Syria's regime drew closer to taking full control of Eastern Ghouta on Monday as state media reported that fighters began evacuating from the last rebel-held pocket of the former opposition stronghold near Damascus.
A Russian-brokered deal had been reported on Sunday for fighters with Jaish al-Islam, the largest rebel group still in Ghouta, to leave the enclave's main town of Douma.
But the rebels have not yet confirmed the agreement, amid reports of divisions in the group as hardline fighters refuse to abandon their posts.
Assad's forces have retaken 95 per cent of Eastern Ghouta since launching a blistering air and ground assault on the besieged enclave on February 18, killing 1,600 civilians and displacing tens of thousands more.
"A group of buses carrying a number of Jaish al-Islam terrorists and their families leave Douma in preparation of them being transported to Jarabulus," state news agency SANA said, using the government's term for all rebel fighters.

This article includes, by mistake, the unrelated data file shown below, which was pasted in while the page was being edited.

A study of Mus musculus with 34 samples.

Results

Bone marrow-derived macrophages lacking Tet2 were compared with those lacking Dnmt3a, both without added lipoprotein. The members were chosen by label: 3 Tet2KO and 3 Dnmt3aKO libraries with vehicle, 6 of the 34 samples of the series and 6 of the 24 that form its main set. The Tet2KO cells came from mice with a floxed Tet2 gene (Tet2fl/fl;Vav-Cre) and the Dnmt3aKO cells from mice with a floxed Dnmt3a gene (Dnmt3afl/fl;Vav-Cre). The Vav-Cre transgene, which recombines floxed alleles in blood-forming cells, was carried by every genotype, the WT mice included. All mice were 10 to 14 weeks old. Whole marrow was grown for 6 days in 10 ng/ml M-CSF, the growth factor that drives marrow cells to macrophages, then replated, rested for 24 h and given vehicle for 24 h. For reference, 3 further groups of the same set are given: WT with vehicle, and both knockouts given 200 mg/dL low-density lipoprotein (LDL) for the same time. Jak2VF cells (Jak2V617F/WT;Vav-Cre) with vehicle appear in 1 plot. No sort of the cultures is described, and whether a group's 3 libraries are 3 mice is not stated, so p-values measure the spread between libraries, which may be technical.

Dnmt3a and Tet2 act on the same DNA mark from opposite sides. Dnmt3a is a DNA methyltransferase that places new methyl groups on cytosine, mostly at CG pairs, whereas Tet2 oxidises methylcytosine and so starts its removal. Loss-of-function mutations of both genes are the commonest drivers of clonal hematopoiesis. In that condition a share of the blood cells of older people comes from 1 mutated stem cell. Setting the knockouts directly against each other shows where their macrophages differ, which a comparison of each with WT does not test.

State television said six buses had left Douma, the only opposition holdout six weeks after the start of the offensive.
The rebels have been negotiating with Russia, a key ally of Assad, for days on an agreement to evacuate Douma.
"We will stay in this town and will not leave. Those who want to leave should leave," Essam al-Buidani says.
It was not immediately possible to verify when the video was filmed.
Backed by Russia, Assad's forces have scored a series of victories over rebel forces in recent years, often through campaigns of siege, aerial bombardment and ground offensives that have drawn widespread international condemnation.
After pounding it with air strikes, regime forces have taken back most of the enclave through a combination of ground assaults and Russia-brokered evacuation deals.